Give Each Week a Tech-Free Day
"Take out the earplugs and plug into the world!" That was the message from protesters at Western Kentucky University recently who were encouraging students to reconnect with the actual world by disconnecting from their cellphones and iPods.
"It wasn't a protest against technology itself but against the way we use it today" and our overdependence on it, protester Tom Cannon explained. "The purpose is that we take charge of the technology before it takes charge of us."
It's a message that appears to be gaining traction.
Peter Whybrow, director of the Semel Institute for Neuroscience and Human Behavior at the University of California-Los Angeles, calls it "electronic cocaine"-tech addictions revealed by "people checking their BlackBerrys under the table while they're on a date."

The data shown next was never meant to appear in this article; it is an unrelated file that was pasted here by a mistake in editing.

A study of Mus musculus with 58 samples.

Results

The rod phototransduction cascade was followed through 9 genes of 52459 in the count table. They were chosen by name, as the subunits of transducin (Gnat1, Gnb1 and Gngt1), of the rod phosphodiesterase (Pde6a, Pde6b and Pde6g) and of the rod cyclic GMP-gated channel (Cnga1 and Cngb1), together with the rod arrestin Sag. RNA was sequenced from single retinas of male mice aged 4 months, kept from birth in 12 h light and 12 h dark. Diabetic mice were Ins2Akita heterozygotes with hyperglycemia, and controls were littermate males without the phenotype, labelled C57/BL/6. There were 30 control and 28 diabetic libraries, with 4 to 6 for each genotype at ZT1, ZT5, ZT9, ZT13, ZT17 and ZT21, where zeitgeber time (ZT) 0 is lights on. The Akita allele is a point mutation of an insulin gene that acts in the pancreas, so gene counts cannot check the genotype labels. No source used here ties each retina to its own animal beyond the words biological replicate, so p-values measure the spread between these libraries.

Overdependency on technology has so eroded personal time that the national chain Panera Bread cosponsored "Take Back Your Time Day" to get families to schedule time to connect and converse with each other at mealtime (whether at home or at a local Panera) with minimal wireless interruptions.
Overload. Technology's double-edged sword troubles high-tech gurus like David Levy, a professor at the Information School at the University of Washington. Last year he informally surveyed his undergraduate students; 80 percent said they felt they spent too much time online. Levy also asked a class to log its E-mail behavior. "People became aware that they were checking E-mail because they were bored or anxious," Levy says, "and sometimes found that it made them more anxious."
For his part, Levy observes a 24-hour Sabbath break each week from all things electronic. "Whether you think of this as a religious mandate or simply as a good idea," he says, "it's a piece of ancient wisdom that people can incorporate into their lives."
This story appears in the December 25, 2006 print edition of U.S. News & World Report.